At ACHE’s 2017 Congress on Healthcare Leadership, Richard J. Priore, ScD, FACHE, President & CEO, Excelsior HealthCare Group, presented five primary underlying causes to the rapidly rising costs of healthcare in the U.S. Three of the causes likely come as no surprise: increasing prevalence of chronic diseases, costly medical technology and increasing per capita incomes. The remaining two?  “Unwarranted practice variation, and poorly aligned physician and hospital reimbursement structures and financial incentives.”  In fact, Priore went on to share that physicians influence 14% of U.S. Healthcare GDP which, at that time, equaled $2.5 trillion.

With that kind of impact, the challenge is no longer about whether or not physician engagement, alignment and integration needs to happen within healthcare organizations, the challenge is about how. Priore suggests a significant hurdle is overcoming the “physician culture,” one that is based in the solo practice mentality, and lacking in fiscal accountability to the governing organization, while also not adhering to evidence-based guidelines. He indicated that “structure drives culture” and to reshape the physician culture, healthcare organizations need to:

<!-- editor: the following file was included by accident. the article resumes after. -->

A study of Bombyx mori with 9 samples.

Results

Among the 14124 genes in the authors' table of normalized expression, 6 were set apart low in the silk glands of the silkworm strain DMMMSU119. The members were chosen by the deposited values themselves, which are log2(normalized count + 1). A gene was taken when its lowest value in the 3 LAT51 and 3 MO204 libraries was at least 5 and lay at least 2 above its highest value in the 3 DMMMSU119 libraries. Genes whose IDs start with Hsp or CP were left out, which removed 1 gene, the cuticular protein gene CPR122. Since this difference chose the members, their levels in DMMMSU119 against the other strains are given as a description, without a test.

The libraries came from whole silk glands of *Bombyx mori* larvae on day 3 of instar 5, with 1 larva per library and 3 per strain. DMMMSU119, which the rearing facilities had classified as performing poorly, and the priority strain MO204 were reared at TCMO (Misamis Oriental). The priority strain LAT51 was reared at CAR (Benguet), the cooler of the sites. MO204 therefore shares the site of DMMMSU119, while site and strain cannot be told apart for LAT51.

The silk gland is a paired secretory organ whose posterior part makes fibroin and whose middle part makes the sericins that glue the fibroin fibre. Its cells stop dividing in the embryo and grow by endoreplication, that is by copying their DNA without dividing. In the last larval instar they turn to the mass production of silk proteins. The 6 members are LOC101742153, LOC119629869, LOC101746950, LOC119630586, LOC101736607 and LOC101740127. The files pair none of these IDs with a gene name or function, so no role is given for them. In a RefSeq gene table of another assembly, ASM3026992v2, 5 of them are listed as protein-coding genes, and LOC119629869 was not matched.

• Discover common ground with physicians and set mutually beneficial goals
  • Share power and control
  • Develop physician ownership and accountability
  • Provide a means for accurate and actionable data transparency, to ensure effective decision making can happen in a timely manner

But where does an organization start to reshape the existing physician culture? In this article posted on The Chartis Group website, co-authors Mark J. Werner, MD, CPE, FAAPL, National Director of Clinical Consulting, and Cynthia Bailey state that “Physicians must be positioned to take the lead in innovating and transforming the delivery of care to create sustainable value, improve outcomes and reduce costs.”

In addition to giving readers a view of what physician alignment and accountability should look like, they also provide a framework to help readers assess just how aligned physicians and administrative leadership are in their own organizations, based on seven “key characteristics of high-functioning alignment between a health system and its physician constituents.”

These seven characteristics include the enterprise strategy, clinical outcomes, practice operations and management, physician group economics, leadership capability, culture, and information and technology. That’s quite the list! The good news is Werner and Bailey also include a scale to help an organization identify their current strengths and opportunity areas, which can then be used to help “clarify where you are and where you want to head on your physician alignment journey…a powerful tool for leadership to define the future vision, build organizational momentum and drive change.”

More good news? Physician alignment thought leaders Mark J. Werner and Richard J. Priore will be leading a NEW seminar, Closing the Gap in Physician Engagement, Alignment and Integration in a Value-Based Environment, July 30—31 at ACHE’s New York Cluster!  This timely seminar is designed to help participants develop an individualized road map for physician-hospital engagement, alignment and integration that can put to use immediately. Register Now!